The B.C. Coroners service says a man who was involved in an incident with another dementia patient at Bastion Place died of natural causes.
John Young, 93, died at the care home on Oct. 7, four days after he was involved in an unwitnessed incident with another resident at the home.
As the circumstances of the death were unusual, the coroners service conducted an investigation and also requested the RCMP look into the situation. Police found no evidence of criminal actions.
In his report, coroner Andrew Cave said that at midnight on Oct. 2, Young was found by staff lying on the floor of another resident’s bedroom. The occupant of this room was standing over Young and holding onto his clothing.
“Due to the diagnosis of dementia in both residents it could not be ascertained what had occurred,” writes Cave.
Both residents were taken to Shuswap Lake General Hospital for assessment.
Cave’s report states: “Mr. Young was found to have minor bruising to his left shoulder; he had x-rays to his cervical spine, chest, left shoulder and left elbow. No indication of trauma was noted.”
A post mortem CT scan also found no evidence of trauma and the cause of death was determined to be pre-existing coronary artery disease.
The investigation has concluded and the coroner made no recommendations in his report.
The BC Nurses Union expressed concern following Young’s death, even though the cause had not been determined at that time.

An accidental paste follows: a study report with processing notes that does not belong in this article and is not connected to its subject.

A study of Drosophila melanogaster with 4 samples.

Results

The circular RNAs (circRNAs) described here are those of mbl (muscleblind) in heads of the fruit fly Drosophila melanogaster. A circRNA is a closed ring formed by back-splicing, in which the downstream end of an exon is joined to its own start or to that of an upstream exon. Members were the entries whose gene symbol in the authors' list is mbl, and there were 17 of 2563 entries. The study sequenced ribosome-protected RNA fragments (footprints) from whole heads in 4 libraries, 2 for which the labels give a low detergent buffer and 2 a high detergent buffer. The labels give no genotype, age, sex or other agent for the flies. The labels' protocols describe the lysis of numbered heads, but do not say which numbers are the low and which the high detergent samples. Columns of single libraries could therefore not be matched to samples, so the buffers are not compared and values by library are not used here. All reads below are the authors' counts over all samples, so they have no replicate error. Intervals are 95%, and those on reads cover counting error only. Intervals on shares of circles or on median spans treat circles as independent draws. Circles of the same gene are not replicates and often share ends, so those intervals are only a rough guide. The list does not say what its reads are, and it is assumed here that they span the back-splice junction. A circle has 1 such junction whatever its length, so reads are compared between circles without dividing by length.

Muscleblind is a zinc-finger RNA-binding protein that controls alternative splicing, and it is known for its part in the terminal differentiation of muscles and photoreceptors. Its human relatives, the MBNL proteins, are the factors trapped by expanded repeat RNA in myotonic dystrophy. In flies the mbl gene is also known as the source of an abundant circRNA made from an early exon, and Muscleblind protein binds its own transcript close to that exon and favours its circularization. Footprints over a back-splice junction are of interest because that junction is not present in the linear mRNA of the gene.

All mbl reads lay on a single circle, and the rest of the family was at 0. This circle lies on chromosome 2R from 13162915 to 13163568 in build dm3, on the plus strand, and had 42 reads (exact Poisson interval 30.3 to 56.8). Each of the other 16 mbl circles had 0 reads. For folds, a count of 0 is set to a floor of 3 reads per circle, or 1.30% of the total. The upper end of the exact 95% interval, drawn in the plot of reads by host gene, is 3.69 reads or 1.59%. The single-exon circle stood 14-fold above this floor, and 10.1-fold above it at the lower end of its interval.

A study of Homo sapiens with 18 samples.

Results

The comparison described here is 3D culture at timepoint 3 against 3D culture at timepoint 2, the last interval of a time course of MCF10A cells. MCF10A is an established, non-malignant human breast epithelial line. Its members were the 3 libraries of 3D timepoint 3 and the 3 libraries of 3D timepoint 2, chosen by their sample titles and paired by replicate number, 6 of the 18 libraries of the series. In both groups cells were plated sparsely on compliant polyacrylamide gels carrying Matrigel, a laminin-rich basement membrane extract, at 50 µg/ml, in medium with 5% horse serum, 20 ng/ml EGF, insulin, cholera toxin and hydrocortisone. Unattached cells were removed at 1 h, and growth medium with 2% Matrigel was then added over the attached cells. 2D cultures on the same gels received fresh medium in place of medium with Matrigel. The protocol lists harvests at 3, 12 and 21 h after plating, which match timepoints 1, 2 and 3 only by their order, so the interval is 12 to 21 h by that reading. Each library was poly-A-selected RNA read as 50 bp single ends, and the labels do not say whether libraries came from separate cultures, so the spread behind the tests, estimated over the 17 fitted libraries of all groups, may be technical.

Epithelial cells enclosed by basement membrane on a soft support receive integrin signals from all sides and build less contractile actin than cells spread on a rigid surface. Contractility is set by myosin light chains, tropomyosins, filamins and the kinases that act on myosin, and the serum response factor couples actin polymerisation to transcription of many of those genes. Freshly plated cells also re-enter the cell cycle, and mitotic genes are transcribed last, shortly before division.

Tracy Quewezance, regional chair of the BCNU for the Thompson/North Okanagan said incidents such as this one were on the rise in care homes throughout B.C. She pointed out that the room’s occupant had a history of violence and had previously assaulted a Bastion Place nurse.
The BCNU is calling for higher levels of staffing at the facility, as well as more secure beds and better infrastructure to monitor high-risk dementia patients and keep them from entering the rooms of other residents.
Interior Health operates the 80-bed Bastion Place residence, which has 10 secure beds for dementia patients, as part of a 21-bed unit. Karen Bloemink, executive director of residential services, told the Observer staffing was one person above the baseline level on the night of the incident, but said Interior Health would be reviewing their procedures with a view to learning and improving care.
This week, the Hospital Employees’ Union also issued results of a September poll of care aides in the province.
Nearly three-quarters (73.3 per cent) of B.C.’s care aides say they are forced to rush through basic care for the elderly and disabled, according to a Viewpoints Research survey commissioned by the union.